How to make the perfect portable workshop, with instructions for parents and kids

Age Range: 7 and up

If your little builders inherited the DIY gene, then they're more or less programmed to dive into Mom and Dad's tools. So maybe you should think about giving the handy helpers their own set—the better to get them involved while keeping your precious collection from getting trashed.

This toolbox is just the thing to hold smaller, basic items that fit a young do-it-yourselfer's hands, including a hammer, saws, pliers, and screwdrivers. Building it is easy: The tools required are probably already in your stash, and the materials are readily available at a home center and a sporting goods store. Set yourself up on a sturdy worktable—in the workshop, the garage, even the playroom. The fun is in having something for everyone to do and getting in good practice for future projects.



Illustration by Carl Wiens

There are seven parts to this toolbox, and they will all fit on one 2x4-foot sheet of plywood. If you line up parts adjacent to one another so that they have a common cutline, make sure you account for the ⅛-inch kerf that will be eaten up by the saw blade with each cut.

Birch veneer plywood is the best choice as a material for this project because it's strong, has a smooth face, and takes stains or paints well. Construction plywood will also work, but the face will not be as smooth.

Step 2

Lay out and Cut the Parts

Photo by Wendell T. Webber

Using spring or bar clamps, clamp the plywood to a sturdy worktable. Make sure the piece you will cut hangs free over the edge.

Using a jigsaw, circular saw, or handsaw, cut the plywood into the individual pieces. For added accuracy, clamp a straightedge saw guide next to your saw.

To parents: Using a jigsaw or circular saw is a job for grown-ups. Be sure you and your children wear safety glasses before you start.

Step 3

Lay out the Handle Grip

Photo by Wendell T. Webber

Using a combination square, lay out a 5x1½-inch rectangle near the top of the handle to denote where the grip will go. Make sure that it is centered. To create the angled sides of the handle, mark the top of the handle 1½ inches from either side of the grip; mark each side of the handle 5 inches from the bottom. Draw a diagonal line between these marks on each side of the grip.

Clamp the handle piece to the table. Using a drill/driver fitted with a ⅜-inch bit, cut holes in the four corners of the rectangle. Make sure to stay inside the lines. These holes will allow you to insert and turn the jigsaw blade to make a cutout.

Step 4

Cut the Handle Grip

Photo by Wendell T. Webber

Set the jigsaw flat on the workpiece, with the blade in one of the holes.

Slowly cut along one layout line until you reach the next corner. Stop the saw, turn it to face the next line, then start cutting again. Continue in this manner from corner to corner until the center portion is removed from the handle.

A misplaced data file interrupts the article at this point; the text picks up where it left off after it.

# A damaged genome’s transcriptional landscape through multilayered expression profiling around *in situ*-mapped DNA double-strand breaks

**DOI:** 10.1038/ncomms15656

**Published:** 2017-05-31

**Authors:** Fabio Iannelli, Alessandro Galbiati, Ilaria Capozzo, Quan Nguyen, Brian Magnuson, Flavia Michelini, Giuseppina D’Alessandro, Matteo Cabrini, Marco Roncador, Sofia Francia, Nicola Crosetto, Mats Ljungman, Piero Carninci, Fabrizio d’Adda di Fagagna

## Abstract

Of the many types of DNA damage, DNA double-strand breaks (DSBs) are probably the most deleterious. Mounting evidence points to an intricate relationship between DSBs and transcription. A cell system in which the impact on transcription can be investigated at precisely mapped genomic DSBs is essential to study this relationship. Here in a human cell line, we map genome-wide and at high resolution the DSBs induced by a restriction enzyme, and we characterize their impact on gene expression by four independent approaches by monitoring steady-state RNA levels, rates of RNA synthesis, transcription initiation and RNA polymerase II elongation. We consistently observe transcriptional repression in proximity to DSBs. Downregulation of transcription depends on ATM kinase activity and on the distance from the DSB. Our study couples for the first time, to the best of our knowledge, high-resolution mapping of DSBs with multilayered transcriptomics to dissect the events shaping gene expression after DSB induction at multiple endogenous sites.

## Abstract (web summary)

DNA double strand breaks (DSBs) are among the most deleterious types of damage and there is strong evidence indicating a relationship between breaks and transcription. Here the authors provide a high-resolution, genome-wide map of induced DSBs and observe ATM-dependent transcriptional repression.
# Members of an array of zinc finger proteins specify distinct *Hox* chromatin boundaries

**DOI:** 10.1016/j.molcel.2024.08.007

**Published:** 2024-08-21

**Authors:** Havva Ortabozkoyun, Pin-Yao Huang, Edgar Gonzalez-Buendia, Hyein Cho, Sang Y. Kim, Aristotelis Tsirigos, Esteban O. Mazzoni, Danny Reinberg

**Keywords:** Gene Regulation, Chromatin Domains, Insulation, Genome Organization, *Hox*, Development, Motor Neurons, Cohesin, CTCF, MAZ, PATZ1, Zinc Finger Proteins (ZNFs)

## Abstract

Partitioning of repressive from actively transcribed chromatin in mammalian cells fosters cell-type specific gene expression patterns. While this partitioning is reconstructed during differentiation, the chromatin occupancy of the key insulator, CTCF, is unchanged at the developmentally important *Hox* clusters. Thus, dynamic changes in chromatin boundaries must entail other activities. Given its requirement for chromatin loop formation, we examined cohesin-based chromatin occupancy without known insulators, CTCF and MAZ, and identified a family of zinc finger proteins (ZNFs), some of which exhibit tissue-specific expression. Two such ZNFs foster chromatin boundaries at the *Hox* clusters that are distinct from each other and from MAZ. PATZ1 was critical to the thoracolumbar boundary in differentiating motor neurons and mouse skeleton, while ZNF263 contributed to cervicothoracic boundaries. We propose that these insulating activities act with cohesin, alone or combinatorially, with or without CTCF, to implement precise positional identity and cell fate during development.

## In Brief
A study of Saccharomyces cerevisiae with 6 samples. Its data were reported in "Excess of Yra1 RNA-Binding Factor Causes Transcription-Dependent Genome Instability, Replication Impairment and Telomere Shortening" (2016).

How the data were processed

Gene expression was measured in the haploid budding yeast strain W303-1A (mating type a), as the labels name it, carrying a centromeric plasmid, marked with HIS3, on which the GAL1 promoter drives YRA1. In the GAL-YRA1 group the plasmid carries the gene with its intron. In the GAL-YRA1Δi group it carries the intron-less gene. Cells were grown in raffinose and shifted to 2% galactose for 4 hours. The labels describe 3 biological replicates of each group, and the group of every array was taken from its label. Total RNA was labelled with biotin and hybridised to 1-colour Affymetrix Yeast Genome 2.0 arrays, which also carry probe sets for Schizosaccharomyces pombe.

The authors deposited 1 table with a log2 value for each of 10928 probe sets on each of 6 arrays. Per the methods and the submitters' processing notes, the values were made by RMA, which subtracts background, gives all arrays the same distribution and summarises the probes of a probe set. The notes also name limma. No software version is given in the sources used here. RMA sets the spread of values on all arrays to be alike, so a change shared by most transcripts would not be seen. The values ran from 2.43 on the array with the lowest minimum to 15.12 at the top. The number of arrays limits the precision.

Using the jigsaw, cut off each angled side.

Step 5

Drill the Tool Holder

Photo by Wendell T. Webber

Clamp the tool holder insert on top of some scrap wood. Using ½- and 1-inch spade bits, drill holes in an X formation on the square.

Step 6

Sand the Parts

Photo by Wendell T. Webber

Using a random-orbit sander and 120-grit sandpaper, sand all the toolbox parts until they're smooth and free of splinters. (Make sure the dust bag is on the back of the sander.) Smooth the edges of the plywood as well, but be careful not to round them over.

Hey, kids! You can help with the sanding. Just make sure a parent is there to watch you because the sander moves a lot when it vibrates.

Step 7

Glue and Assemble the Pieces

Photo by Wendell T. Webber

Put a thin bead of stainable wood glue on the short ends of the long side pieces. Lay the small sides over these ends. Using bar clamps, hold the box together. Wipe up any glue that squeezes out with a damp rag.

Hey, kids! You can help by applying the glue to the ends of the wood while your parents clamp the pieces.

Step 8

Nail the Box Together

Photo by Wendell T. Webber

Hammer 4d finish nails at the corners, through the ends of the small sides, and into the long sides. Do this for all four corners, using four nails along each side.

Remove the clamps. Run a bead of glue along the bottom edges, and lay the bottom piece over the sides. Clamp the bottom piece on, then nail it in place with 4d finish nails.

Glue and nail the tool holder insert to the side of the handle. Put glue on the side edges of the handle and on the outer corner of the tool holder, and place the whole assembly in the toolbox. Clamp, then nail it in place.

Using a nailset, sink all the nails below the surface. Fill the holes with stainable wood putty. Let it dry, then sand it smooth.

To parents: Setting nails is tricky. Have your kids practice on scrap wood first, or do this step yourself. Kids can still help out by filling the nail holes with putty and sanding it when it's dry.

Step 9

Apply the Stain

Photo by Wendell T. Webber

Wearing latex gloves and using a 2-inch paintbrush, brush stain onto the wood, then wipe it off with a clean rag. (The more you leave on, the darker it will get.) Let it dry.

Hey, kids! Why not choose your favorite color for your toolbox?

Step 10

Finishing Touches

Photo by Wendell T. Webber

Cut a few lengths of hockey-stick tape, and use them to wrap the handle to make a comfortable grip.

If you want, nail furniture glides onto the box's bottom to keep it from scratching floors. Then fill it with tools, grab it by the handle, and you're ready to go!